ARGUMENT: PETROLEUM RESILIENCEReviving the Petroleum Administration for War: A Case for Government-Industry Partnership

Published 3 August 2022

The Russo-Ukrainian War is exposing deep fissures in global energy networks and finally forcing Western capitals to address their energy security. Ryan P. Kellogg and David Brunnert write that “To confront this profound challenge, policy should consider creating a partnership between government and industry for managing energy resources.”

The Russo-Ukrainian War is exposing deep fissures in global energy networks and finally forcing Western capitals to address their energy security. The prices for crude oil and natural gas in the United States have risen approximately 50 percent and 100 percent respectively since December 2021, with even higher prices for U.S. allies in Europe. Ryan P. Kellogg and David Brunnert write in War on the Rocks that, combined, these increases are pushing inflation to 40-year highs and threatening to tip many developed economies into recession. The economic pain is causing instability in the developing world and weakening NATO cohesion on Ukraine.

They add:

To confront this profound challenge, policy should consider creating a partnership between government and industry for managing energy resources. We believe the Biden administration should look to the World War II-era Petroleum Administration for War as a model. A 21st-century Petroleum Administration for War would focus on supply chain resiliency and price shock mitigation measures to rapidly increase oil and natural gas volumes when needed, with the ultimate goal of delivering lasting energy security to the United States and its allies.

The Petroleum Administration for War, first known as the Office of Petroleum Coordinator for National Defense, was created in 1941 to marshal America’s diverse production, refining, and transportation assets for the war effort. The administration relied on deep industry buy-in, leveraging the technical and commercial know-how of the private sector for its remarkable success. An updated version of this approach — call it the Energy Security Agency — could again facilitate government-industry cooperation, enabling the U.S. government to partner with domestic producers to address key energy security challenges.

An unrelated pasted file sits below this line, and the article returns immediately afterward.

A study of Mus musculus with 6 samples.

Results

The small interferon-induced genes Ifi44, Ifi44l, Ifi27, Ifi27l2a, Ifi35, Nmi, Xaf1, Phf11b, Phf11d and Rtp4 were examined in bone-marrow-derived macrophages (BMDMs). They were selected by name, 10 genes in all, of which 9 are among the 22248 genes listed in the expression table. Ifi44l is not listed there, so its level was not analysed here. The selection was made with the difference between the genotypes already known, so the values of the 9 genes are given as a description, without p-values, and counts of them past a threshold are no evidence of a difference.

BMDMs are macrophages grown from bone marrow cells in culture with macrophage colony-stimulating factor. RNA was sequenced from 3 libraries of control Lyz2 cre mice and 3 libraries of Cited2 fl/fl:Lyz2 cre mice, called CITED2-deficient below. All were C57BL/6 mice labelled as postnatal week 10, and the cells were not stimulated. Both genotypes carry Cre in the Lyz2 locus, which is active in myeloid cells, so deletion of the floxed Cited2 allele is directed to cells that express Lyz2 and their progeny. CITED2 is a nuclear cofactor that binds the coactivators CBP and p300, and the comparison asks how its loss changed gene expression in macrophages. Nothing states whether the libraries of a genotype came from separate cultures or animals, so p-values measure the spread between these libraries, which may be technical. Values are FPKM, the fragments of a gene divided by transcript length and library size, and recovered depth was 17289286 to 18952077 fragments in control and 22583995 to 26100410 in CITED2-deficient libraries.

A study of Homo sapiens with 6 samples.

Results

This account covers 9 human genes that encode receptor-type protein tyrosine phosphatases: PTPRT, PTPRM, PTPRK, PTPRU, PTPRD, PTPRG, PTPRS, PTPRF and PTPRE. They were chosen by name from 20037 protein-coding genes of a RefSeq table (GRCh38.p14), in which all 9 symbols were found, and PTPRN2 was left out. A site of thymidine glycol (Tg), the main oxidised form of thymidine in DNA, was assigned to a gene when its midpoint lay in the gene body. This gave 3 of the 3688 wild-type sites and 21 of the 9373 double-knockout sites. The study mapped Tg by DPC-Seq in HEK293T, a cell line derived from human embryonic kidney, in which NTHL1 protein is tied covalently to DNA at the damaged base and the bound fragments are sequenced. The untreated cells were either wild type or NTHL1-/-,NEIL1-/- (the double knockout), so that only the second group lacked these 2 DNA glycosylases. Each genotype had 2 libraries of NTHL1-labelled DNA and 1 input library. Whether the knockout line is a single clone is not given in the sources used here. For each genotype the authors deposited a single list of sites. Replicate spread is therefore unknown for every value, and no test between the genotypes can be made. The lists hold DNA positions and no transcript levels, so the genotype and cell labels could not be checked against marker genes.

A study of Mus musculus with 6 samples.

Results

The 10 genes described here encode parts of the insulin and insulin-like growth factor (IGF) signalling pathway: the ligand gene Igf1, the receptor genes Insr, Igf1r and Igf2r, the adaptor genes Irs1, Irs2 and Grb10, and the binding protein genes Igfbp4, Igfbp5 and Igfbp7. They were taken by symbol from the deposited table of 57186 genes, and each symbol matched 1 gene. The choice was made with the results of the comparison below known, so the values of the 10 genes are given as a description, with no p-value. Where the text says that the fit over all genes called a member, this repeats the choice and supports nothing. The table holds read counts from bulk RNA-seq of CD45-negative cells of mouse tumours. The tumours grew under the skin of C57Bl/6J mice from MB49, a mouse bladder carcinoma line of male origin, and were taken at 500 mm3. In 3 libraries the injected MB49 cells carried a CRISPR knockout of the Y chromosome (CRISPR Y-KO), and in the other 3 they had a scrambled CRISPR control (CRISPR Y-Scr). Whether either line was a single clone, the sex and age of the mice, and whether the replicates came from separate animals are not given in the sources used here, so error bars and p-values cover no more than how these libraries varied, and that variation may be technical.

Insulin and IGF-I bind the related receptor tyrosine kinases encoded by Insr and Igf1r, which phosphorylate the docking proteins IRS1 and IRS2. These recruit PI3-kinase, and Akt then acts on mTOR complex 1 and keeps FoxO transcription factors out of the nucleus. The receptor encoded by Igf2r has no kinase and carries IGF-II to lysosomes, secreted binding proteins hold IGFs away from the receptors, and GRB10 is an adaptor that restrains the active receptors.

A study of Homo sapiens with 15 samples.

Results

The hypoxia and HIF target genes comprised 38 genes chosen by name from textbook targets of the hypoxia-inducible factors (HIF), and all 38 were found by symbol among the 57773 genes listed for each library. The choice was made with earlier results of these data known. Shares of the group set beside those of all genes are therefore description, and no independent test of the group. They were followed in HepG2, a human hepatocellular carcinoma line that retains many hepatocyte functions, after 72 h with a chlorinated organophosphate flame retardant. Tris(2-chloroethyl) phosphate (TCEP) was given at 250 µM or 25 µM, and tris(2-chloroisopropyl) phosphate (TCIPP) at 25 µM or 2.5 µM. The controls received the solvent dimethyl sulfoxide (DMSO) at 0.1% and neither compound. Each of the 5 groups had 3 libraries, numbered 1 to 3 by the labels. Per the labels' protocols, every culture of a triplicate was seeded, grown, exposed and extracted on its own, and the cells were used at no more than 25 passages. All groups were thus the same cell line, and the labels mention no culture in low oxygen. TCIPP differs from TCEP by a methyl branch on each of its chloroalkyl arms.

….

We believe a 21st-century Petroleum Administration for War would be an asset to the security of both the United States and its allies….. we propose a new Energy Security Administration, organized around addressing four main challenges: supply resiliency, refining capacity, natural gas transport, and climate change mitigation. As with the Petroleum Administration for War, the government, in close consultation with industry advisors, would provide the overarching goals and coordination for the Energy Security Administration, while industry committees would provide the technical analysis and implementation.

….

The advantages offered by an engaged partnership between government and domestic energy providers are immense. They include building emergency oil and gas supplies to lessen price shocks, maximizing global natural gas production as a transition fuel, and creating a shared strategy based on decarbonization

As members of the oil and gas industry, we and our colleagues are eager to be part of the solution to ensure the United States and its allies can access sustainable and affordable energy without interruption. The Russo-Ukrainian War has given Washington and other NATO capitals a newfound focus on energy security, creating the opportunity to forge a new path forward. Prior to meeting with industry executives on June 23, Energy Secretary Jennifer Granholm remarked, “this is an honest conversation… how we can be partners in providing relief to people.” We believe this spirit of partnership is the right one to build on delivering long-term energy security to the United States and its allies.

Leave a comment

Register for your own account so you may participate in comment discussion. Please read the Comment Guidelines before posting. By leaving a comment, you agree to abide by our Comment Guidelines, our Privacy Policy, and Terms of Use. Please stay on topic, be civil, and be brief. Names are displayed with all comments. Learn more about Joining our Web Community.